5 Major Differences between Solicitors and Barristers

In England and Wales, the legal profession is not a fused profession, so there are two prominent roles: solicitors and barristers in the legal industry. While both professions involve practicing law, they possess distinct responsibilities and areas of expertise. In this overview, we will delve into the contrasting aspects of these professions, ranging from their training and scope of work to their relationship with clients and courtroom representation.

Legal Training and Qualifications
The paths to becoming a solicitor and a barrister differ in terms of education and training. To become a solicitor, you do not have to complete a Bachelor of Laws (LLB) degree and then the Legal Practice Course (LPC), followed by a 2-year training contract. University graduates in any subject can take the Solicitors Qualifying Examination (SQE) directly and then gain 2 years of Qualifying Work Experience to become a solicitor in England and Wales.

To become a barrister, you must complete an undergraduate law degree (LLB) where you must study seven foundations of legal knowledge, including, Contract Law, Public Law, Criminal Law, Tort Law, EU Law, Equity and Trusts, and Property Law. Then, you must complete the vocational stage of bar training which is the Bar Training Course (BTC), followed by a one-year apprenticeship with a practicing barrister or chambers, known as pupillage where you will gain practical experience in advocacy and courtroom work. Please note that Bar Vocational Course (BVC) and Bar Practice Course (BPC) are different names of the BTC provided by different training providers.

Regulatory Body
For solicitors, the regulatory body is the Solicitors Regulation Authority (SRA). The SRA is an independent regulatory body established by the Law Society of England and Wales. It sets out the Code of Conduct, rules, and principles that solicitors must adhere to, ensuring they maintain the highest professional standards. The SRA is responsible for granting solicitors their practicing certificates, handling complaints against solicitors, and taking disciplinary action when necessary. It also sets requirements for solicitors' education and training.

For barristers, the regulatory body is the Bar Standards Board (BSB). The BSB is an independent regulator established by the Bar Council of England and Wales. Its primary role is to regulate barristers and specialised legal services provided by barristers' chambers. The BSB sets the Code of Conduct that barristers must follow, ensuring professional ethics, integrity, and competence. It oversees barristers' education and training. The BSB also handles complaints and disciplinary matters relating to barristers' professional conduct.

Roles and Scope of Work
Solicitors primarily work directly with clients, providing legal advice, and handling various legal matters. They are often the first point of contact for individuals or businesses seeking legal assistance. Solicitors engage in non-contentious work, which involves legal matters outside of the courtroom, such as drafting contracts, negotiating settlements, conducting legal research, and managing legal transactions like property conveyancing or corporate mergers. They may also represent clients in certain court proceedings, including lower-level courts or tribunals.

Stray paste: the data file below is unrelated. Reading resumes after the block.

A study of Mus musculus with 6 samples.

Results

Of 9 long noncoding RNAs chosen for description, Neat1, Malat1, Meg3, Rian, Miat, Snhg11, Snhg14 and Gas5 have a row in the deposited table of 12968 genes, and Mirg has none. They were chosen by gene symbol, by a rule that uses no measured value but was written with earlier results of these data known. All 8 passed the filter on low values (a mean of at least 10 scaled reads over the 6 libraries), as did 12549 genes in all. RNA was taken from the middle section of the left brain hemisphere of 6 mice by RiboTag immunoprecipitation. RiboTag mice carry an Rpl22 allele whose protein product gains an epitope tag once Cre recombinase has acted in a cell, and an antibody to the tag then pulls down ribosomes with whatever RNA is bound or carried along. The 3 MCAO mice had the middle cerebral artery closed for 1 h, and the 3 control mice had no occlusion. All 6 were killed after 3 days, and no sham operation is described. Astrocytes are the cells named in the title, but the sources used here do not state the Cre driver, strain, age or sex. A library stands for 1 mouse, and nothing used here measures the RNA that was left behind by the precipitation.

Barristers are specialist advocates and typically focus on courtroom advocacy. They are instructed by solicitors or directly by clients for their expertise in specific areas of law. Barristers appear in court, present cases, cross-examine witnesses, and make legal arguments. They specialise in either criminal law, civil law, or both. Barristers often work independently or as part of barristers' chambers, which are groups of barristers who share resources and facilities.

Client Relationship
Solicitors have a direct and ongoing relationship with clients. They provide legal advice, handle administrative tasks, and act as the main point of contact throughout a case or legal matter. Solicitors develop a deep understanding of their clients' needs, gather evidence, and formulate legal strategies accordingly. They maintain long-term relationships with clients, often providing ongoing legal support.

Barristers are typically engaged by solicitors or clients for specific cases or matters. They have a more specialised role, focusing on advocacy and representing clients in court. Barristers do not usually have direct client relationships. Instead, they work on cases assigned to them by solicitors, who act as intermediaries between the client and the barrister. Barristers rely on solicitors to provide them with instructions and relevant information about the case.

Court Representation
Solicitors have the right to represent clients in certain court proceedings, such as the lower-level courts, employment tribunals, and some family courts. However, their advocacy role is generally more limited compared to barristers unless they have earned higher rights of audience to become a solicitor advocate. Solicitors often work with barristers for complex or higher-level court cases, where specialised advocacy skills are required.

Barristers, as specialist advocates, have the right to represent clients in all levels of court, including the higher courts and appellate courts. They are trained to present cases, cross-examine witnesses, make legal arguments, and provide expert legal advice on complex matters.

In short, solicitors act as legal advisors, maintaining direct relationships with clients and handling a wide range of legal matters, whereas barristers specialise in courtroom advocacy, representing clients and presenting cases in court. Understanding the differences between solicitors and barristers is crucial for LLB students considering a career in law or individuals seeking legal representation.